In Part II we discussed the different characteristics of commonly used materials in rectifier assemblies. In this post, we'll look at using an alumina substrate to support a rectifier assembly using surface mount components.
Alumina substrates work great with surface mount or formed lead diodes.
Alumina substrates offer the advantage of higher thermal conductivity than typical FR-4 fiberglass board, the kind commonly found in computers, which helps keep the components running cool.
The rigidity of alumina means it can provide more support for components without flexing or breaking them. Wire bonds made to an alumina substrate are less subjected to thermal expansions and contractions compared to a printed circuit board. When the wire is less than half a mil in diameter, board flexing can be a concern.
Alumina’s low CTE also means it is compatible with many types of encapsulation materials, AND it provides greater voltage isolation over regular printed circuit boards. A properly selected encapsulation material will adhere well to the substrate, which improves isolation voltages between terminals, nodes, components, and the outside world.
Integrating passive components can be a cost saver. Capacitors and resistors can be screen-printed onto the substrate, thereby reducing real estate and interconnections where space is at a premium.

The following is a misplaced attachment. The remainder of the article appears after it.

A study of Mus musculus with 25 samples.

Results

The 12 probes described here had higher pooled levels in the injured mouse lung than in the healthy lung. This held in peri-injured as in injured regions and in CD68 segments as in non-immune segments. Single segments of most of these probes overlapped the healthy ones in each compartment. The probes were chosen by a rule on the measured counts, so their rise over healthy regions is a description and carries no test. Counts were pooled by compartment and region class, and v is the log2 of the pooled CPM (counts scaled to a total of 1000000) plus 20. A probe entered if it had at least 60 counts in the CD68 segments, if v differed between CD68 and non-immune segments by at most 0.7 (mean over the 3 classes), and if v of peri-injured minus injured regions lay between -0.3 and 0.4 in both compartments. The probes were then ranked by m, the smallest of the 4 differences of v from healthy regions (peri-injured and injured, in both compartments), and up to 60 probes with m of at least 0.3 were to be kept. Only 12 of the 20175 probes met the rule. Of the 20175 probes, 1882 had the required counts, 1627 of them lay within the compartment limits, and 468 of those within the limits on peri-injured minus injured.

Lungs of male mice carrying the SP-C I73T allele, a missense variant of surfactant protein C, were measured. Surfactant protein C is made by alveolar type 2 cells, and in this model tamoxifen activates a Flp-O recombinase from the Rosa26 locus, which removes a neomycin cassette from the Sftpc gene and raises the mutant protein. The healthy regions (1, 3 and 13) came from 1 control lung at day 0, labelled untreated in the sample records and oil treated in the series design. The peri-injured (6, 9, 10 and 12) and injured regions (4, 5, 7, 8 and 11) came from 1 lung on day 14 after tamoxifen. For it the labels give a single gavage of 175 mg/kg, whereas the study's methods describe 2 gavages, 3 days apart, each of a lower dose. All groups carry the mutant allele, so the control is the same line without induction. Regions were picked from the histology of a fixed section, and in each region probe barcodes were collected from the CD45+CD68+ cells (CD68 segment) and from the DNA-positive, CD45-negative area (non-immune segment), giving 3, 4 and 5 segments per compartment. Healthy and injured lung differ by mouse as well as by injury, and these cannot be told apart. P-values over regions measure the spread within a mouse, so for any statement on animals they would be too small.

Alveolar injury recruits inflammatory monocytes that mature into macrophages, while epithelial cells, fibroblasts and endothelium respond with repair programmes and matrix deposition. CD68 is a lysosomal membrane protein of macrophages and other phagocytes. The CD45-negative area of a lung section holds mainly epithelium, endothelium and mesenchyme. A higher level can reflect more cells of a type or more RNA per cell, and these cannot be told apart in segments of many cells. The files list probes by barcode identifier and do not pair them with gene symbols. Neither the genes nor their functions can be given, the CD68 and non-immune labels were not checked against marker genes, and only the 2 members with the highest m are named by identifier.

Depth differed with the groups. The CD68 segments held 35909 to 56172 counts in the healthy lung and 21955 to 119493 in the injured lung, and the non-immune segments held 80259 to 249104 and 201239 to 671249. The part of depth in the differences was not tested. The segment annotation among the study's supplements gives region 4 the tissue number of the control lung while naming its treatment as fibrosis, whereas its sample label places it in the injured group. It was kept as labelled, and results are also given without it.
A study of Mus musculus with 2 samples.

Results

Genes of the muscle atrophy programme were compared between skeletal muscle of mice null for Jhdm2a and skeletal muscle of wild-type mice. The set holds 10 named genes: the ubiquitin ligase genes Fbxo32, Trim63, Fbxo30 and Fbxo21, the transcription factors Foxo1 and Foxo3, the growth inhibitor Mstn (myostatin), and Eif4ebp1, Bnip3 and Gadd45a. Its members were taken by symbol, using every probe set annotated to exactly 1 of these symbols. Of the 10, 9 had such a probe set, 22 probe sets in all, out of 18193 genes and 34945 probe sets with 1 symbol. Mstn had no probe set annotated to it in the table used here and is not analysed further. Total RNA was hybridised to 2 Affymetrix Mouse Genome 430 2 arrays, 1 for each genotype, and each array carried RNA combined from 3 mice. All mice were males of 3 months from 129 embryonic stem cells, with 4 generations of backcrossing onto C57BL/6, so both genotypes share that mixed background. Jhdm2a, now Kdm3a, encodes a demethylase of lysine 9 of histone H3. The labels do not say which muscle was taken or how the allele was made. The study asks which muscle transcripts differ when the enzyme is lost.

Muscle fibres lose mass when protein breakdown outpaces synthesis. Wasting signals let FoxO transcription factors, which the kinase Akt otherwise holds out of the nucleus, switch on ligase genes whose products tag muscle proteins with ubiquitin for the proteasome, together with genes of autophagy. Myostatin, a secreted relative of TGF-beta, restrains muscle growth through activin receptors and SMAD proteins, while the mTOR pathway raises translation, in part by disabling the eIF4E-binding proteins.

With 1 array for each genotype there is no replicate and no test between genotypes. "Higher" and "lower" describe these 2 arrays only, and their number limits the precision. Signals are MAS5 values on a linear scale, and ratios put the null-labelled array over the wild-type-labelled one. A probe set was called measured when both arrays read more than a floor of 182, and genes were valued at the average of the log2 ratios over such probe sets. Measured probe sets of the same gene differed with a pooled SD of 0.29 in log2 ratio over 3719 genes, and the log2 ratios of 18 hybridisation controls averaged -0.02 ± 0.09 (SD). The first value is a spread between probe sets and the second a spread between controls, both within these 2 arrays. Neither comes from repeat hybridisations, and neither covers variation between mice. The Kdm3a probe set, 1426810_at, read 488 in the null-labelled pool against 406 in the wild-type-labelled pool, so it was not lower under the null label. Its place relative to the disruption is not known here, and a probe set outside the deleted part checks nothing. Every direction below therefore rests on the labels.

Besides wire bonds and soldering, conductive epoxy works well with alumina too.
Alumina can attached to a metal base plate by solder or conductive epoxy. This will help get the heat out of the assembly even faster, and because alumina’s CTE more closely matches that of aluminum, there is less chance for thermally induced mechanical stresses.
If that isn’t enough, direct-bond copper alumina substrate is a product that bonds copper directly to alumina, which increases the thermal conductity even more than regular alumina. The trade-off is cost (once again). And weight. Direct-bond copper (DBC) weighs more, thanks to the amount of copper traces present.
So why not use alumina for everything? I’ll give you a hint. It’s a four-letter word. C-O-S-T.
The disadvantage of using alumina over FR-4 board is that it costs more. Direct comparisons are hard to come by, but for about the same size, an alumina substrate can be four or more times the cost of a double-sided pcb. Cost driving factors in a substrate include thickness, length, and width. Drilling, plating, thick or thin films, and printing resistors or capacitors, are all cost adders.
When it comes down to it, one must weigh the cost-benefit of using alumina for each application. It works very well in high-rel applications, but is less suited for high volume consumer applications that are cost sensitive.
Up next are cleaning processes in rectifier designs, and what to look for.